Recent COVID-19 reports may have jolted Hawaii out of a false sense of security. It may be an even bigger challenge to bring back trans-Pacific travelers after Aug. 1 than anyone thought. But setting that aside, Hawaii residents clearly have relaxed their precautions too much for their own protection, even now.
Too many people are treating the “new normal” as identical to the old one they left behind. Before the coronavirus pandemic, casual, expansive gatherings were part of island culture.
It is not time to return to that behavior. Kamaaina ought to be scared straight by recent developments — although top state officials are signaling caution, but not yet panic.
On Tuesday, alarm bells did go off, triggered by the news of 41 new COVID-19 cases: 38 on Oahu, two on Kauai, one on Hawaii island. That pales in comparison to tallies in mainland hotspots, but it is Hawaii’s biggest one-day total since the pandemic began in March.
More to the point: Although there have been clusters of infections arrayed around family gatherings or business meetings, most of Oahu’s newest cases are scattered around the island. Simply put, there is enough of the virus in the environment to infect people in a variety of settings.
And these aren’t even the infections that officials are anticipating from Fourth of July activities. Officials recoiling at the bad news throughout Tuesday referenced the possibility of pulling back from the larger gatherings that have been authorized.
Mayor Kirk Caldwell said he and the other mayors would meet with Gov. David Ige today to discuss whether and how to move forward with reopening Hawaii to trans-Pacific passengers. Plans call for waiving the required 14-day quarantine if they get a negative COVID-19 test result before boarding the plane.
The reason is clear: The 41 count sounds small, but such numbers can rocket up exponentially. And this is only the increase produced by Hawaii people socializing, unmasked, in what many had assumed was a low-risk environment.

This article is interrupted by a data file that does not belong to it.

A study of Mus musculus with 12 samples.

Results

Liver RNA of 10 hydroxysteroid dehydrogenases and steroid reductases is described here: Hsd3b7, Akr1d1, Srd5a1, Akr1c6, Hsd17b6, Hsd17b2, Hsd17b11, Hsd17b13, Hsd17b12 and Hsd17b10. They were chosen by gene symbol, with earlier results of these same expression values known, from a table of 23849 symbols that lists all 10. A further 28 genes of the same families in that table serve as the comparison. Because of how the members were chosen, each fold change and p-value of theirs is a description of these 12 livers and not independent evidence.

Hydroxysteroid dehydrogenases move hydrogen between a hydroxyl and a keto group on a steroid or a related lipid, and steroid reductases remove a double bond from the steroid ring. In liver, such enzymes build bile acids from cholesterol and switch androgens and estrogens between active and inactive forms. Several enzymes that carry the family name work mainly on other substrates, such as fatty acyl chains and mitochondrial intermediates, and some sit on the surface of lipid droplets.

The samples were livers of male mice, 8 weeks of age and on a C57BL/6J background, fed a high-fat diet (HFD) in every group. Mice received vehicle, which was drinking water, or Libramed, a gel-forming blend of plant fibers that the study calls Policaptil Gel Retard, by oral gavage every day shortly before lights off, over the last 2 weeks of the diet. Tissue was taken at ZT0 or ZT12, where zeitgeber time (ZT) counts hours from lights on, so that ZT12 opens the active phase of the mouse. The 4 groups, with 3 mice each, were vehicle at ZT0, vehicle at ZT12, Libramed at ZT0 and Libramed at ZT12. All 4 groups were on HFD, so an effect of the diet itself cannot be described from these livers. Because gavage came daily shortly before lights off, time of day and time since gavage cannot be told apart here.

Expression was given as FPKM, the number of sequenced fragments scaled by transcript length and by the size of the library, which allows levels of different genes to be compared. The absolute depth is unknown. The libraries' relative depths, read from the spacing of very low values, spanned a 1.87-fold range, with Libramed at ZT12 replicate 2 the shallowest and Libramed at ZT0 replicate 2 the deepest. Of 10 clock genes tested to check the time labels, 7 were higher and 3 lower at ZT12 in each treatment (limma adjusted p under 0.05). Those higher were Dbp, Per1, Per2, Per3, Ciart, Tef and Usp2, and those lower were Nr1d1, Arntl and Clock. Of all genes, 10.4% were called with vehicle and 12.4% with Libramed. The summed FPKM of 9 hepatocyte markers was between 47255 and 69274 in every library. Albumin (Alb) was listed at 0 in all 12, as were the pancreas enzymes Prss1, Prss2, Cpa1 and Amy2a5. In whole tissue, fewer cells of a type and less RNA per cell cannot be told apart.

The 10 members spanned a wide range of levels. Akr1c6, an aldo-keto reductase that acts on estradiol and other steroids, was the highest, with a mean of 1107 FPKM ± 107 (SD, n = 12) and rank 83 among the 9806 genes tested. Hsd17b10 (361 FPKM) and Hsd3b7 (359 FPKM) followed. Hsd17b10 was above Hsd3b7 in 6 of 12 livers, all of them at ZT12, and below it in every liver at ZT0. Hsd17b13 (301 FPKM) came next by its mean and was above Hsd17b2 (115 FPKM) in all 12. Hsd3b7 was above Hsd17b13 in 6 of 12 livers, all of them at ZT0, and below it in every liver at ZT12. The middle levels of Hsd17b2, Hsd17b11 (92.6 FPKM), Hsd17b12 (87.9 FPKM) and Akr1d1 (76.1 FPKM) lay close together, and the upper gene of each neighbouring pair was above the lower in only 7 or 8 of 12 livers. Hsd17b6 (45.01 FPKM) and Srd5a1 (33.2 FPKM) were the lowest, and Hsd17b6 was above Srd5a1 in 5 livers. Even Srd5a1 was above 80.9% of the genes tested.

They assumed wrong.
The mayor, as well as Lt. Gov. Josh Green, both indicated that a delay in the Aug. 1 relaunch is an option, and that officials are rethinking events such as this weekend’s “open street” gatherings in Chinatown and Waikiki.
However, the governor, joined by state health officials, clearly was trying to reassert a sense of confidence and calm Tuesday afternoon. He maintained that work is proceeding toward setting up systems for testing travelers at the point of departure and for managing the detection of infections.
The uptick in infections is to be expected, Ige said, but lax public habits simply have to change. Without responsible adaptations to life in a COVID world, the case numbers could increase steadily, which would mean the infections have moved beyond Hawaii’s ability to trace and manage them, said state Health Director Bruce Anderson.
Everyone ought to hope that the state can meet its public commitment to begin a revival of the tourism sector on which so much of the economy depends. Green said earlier Tuesday that a deal is in place for CVS to be a major provider of tests but that talks continue with Walgreens and others.
It’s fair to acknowledge the complex and difficult logistics of the trans-Pacific project, but travelers still have questions that need to be answered, and soon. Will returning Hawaii residents have the same access to testing? Would health insurance cover it?
Hawaii needs to develop clear protocols for travel and convey the importance of social distancing and mask-wearing rules to all visitors.
It now appears that local residents need to hear that message reinforced, as well.